This year, more women will develop a perinatal mood or anxiety disorder than diagnosed with breast cancer.
Pregnant moms. Moms of three week olds. Moms of 11 month olds. Moms who just stopped nursing their 15 month old. Moms who miscarried or babies were born sleeping. Rich moms. Under-served moms. Working moms. Stay-at-home-moms. Adoptive moms. No mother is immune to the number one complication of childbirth, yet not much is being said or done to help us be better equipped at knowing the signs and risk factors, asking for help, and even feeling safe in doing so.
Where are the commercials? Where are the ribbons? Where are the donation boxes and fundraisers? Where is the awareness of the illnesses that affect nearly 1 million mothers in the US alone?
Postpartum Progress is a nonprofit organization focused on improving awareness of maternal mental illnesses and providing peer support for women who suffer from them. They create innovative programs that connect women to information and help, and support them through recovery.
To help crush the stigma surrounding maternal mental health and give moms around the world a chance to share their stories and raise much needed awareness surrounding maternal mental health, Postpartum Progress is holding their 4th Annual Climb Out of the Darkness event in June.
Climb Out of the Darkness® is the world’s largest event raising awareness for maternal mental illnesses like postpartum depression. The event is held on or near the longest day of the year annually to help shine the most light on perinatal mood and anxiety disorders. It features mothers along with their family and friends joining together to climb mountains and hike trails to represent their symbolic rise out of the darkness of maternal mental illness and into the light of hope and recovery.
I am a mom whose first pregnancy ended in miscarriage. I’ve birthed two sons in two different parts of Virginia. I am a survivor of pregnancy anxiety and postpartum depression and anxiety with my oldest son and postpartum anxiety with my second. I’ve seen a number of midwives, OB/GYNs, pediatricians, and lactation consultants, and therapists during my family building journey – all with varying knowledge of maternal mental illnesses and the resources in the area for struggling moms like me. And frankly? I’ve been outraged over it.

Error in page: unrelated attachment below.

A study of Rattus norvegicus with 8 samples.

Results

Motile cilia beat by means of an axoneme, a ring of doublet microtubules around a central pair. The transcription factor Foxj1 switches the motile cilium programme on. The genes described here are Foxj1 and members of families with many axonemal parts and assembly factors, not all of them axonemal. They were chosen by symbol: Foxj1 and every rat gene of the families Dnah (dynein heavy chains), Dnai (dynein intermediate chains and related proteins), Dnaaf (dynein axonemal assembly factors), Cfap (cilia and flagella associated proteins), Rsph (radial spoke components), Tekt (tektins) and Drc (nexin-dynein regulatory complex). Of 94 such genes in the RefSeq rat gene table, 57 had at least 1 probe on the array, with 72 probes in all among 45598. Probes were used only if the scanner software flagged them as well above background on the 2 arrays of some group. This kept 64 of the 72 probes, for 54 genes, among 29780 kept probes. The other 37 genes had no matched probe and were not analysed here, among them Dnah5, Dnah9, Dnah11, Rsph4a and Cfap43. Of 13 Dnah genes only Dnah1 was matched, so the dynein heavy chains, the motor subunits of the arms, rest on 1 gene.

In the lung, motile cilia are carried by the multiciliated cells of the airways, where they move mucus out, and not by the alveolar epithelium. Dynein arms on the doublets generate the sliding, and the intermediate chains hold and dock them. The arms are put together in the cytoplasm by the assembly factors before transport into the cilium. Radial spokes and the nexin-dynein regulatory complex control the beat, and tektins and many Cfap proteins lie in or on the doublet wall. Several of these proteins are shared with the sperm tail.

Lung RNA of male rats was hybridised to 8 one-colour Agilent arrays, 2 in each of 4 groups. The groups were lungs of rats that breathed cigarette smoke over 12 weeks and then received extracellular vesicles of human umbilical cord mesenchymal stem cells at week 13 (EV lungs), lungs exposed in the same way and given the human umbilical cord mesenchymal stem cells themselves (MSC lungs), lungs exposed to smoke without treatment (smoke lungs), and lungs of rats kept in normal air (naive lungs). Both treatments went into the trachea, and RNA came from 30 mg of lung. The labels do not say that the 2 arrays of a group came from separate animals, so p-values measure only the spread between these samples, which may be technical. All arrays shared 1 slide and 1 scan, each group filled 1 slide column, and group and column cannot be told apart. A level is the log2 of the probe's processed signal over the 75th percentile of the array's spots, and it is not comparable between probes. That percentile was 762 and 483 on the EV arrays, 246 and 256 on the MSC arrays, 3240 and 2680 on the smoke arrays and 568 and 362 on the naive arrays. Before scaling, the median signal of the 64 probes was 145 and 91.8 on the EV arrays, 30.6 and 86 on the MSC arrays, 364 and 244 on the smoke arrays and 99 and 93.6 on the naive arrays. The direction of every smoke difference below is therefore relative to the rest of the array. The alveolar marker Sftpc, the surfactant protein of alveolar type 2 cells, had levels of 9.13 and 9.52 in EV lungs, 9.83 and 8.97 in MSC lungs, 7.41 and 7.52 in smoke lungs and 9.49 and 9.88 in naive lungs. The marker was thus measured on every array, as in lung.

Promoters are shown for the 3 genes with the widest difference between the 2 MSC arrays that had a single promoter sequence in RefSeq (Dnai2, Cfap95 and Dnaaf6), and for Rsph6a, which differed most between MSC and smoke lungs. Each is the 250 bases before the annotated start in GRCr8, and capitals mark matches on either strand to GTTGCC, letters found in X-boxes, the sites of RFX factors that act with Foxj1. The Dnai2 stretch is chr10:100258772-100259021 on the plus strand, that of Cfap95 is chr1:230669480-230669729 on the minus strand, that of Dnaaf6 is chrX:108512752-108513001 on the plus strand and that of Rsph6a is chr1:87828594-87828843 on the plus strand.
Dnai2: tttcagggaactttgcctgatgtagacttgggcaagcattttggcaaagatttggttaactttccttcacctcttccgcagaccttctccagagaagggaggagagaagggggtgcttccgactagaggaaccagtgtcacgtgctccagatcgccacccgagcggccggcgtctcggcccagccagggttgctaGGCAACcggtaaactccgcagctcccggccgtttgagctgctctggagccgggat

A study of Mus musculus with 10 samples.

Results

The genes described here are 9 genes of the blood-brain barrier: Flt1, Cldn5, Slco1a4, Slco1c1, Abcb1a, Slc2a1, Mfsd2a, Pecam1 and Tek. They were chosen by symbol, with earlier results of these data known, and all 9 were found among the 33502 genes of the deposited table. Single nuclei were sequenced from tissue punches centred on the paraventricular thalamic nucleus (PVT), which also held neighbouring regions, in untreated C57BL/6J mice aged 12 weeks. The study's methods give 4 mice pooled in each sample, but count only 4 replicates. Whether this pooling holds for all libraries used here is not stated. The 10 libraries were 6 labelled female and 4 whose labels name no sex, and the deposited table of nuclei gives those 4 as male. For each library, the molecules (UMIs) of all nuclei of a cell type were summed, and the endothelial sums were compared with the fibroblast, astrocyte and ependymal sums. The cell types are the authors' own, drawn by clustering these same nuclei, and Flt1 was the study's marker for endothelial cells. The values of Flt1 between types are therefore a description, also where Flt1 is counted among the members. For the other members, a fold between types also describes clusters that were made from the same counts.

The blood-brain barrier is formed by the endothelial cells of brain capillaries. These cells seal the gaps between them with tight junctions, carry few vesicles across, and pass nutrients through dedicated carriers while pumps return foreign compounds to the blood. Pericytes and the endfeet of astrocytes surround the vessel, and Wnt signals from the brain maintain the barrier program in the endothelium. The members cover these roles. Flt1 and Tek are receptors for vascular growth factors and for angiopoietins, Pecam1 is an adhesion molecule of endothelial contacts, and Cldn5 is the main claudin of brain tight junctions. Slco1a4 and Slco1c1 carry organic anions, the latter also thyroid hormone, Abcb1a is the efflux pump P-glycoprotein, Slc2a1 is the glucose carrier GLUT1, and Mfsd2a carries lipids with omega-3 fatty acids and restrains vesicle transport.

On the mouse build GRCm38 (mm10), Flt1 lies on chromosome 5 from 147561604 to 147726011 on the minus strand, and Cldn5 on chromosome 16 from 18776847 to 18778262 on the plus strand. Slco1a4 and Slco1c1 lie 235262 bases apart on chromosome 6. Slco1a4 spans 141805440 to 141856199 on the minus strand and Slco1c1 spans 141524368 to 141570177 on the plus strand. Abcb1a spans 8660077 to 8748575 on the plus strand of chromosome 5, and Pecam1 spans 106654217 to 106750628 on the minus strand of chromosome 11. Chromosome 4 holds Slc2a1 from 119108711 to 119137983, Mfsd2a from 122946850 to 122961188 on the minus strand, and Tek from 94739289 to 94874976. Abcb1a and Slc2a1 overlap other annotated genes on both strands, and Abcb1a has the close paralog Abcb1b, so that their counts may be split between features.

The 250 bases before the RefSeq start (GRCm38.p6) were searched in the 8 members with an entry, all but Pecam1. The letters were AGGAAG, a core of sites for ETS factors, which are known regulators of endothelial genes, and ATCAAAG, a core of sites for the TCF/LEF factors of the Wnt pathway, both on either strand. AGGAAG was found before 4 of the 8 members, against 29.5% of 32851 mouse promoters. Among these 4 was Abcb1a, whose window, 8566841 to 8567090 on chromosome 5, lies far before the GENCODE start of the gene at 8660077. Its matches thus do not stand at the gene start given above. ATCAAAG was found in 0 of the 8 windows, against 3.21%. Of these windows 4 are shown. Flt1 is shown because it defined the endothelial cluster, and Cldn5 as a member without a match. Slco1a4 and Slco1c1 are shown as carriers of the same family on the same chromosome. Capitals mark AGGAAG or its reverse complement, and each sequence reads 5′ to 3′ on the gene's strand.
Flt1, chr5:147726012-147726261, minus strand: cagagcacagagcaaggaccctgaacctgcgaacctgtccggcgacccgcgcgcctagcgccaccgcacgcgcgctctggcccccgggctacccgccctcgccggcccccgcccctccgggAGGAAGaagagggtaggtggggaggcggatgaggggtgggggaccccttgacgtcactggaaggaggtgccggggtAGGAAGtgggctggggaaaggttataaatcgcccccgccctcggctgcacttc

Postpartum Progress has helped me learn about my illnesses when professionals did little more than hand me a script for Zoloft and tell me I would feel better within a year. Postpartum Progress’ commitment to sharing the most up-to-date information on perinatal mental illnesses has given me the knowledge to be my own best advocate for my mental health, allowing me to stand my ground when one of the therapists I saw tried making me believe I caused damage my oldest son because I took Zoloft while breastfeeding (I didn’t). Postpartum Progress’ blog gave me much-needed assurance that I was not alone when I couldn’t bring myself to reach out to friends or family. And their online support group allowed me to vent and ask questions when I realized my new city didn’t have nearly as many resources for struggling mothers like me as the one I moved away from.
This is #WhyIClimb and I’ve participated in Climb Out of the Darkness every year. I want everyone to know about their amazing resources and community that have helped me over the last 5 years when my own healthcare providers fell short of what was necessary to help me.
I want to see Postpartum Progress continue their amazing work for mothers. Donations made leading up to the Climb means Postpartum Progress can continue to be the leading site and non-profit organization focused on postpartum depression. I’d love for you to support my Climb, but there might be one closer to where you live. Please consider joining or donating through them. Even a $10 donation has the power to help a mother who very desperately needs it.
To find a Climb near you, visit postpartumprogress.org/climb-out-of-the-darkness/. You can also search #ClimbOut on social media to see how Climbers from around the world are doing to crush stigma and raise awareness of maternal mental illnesses.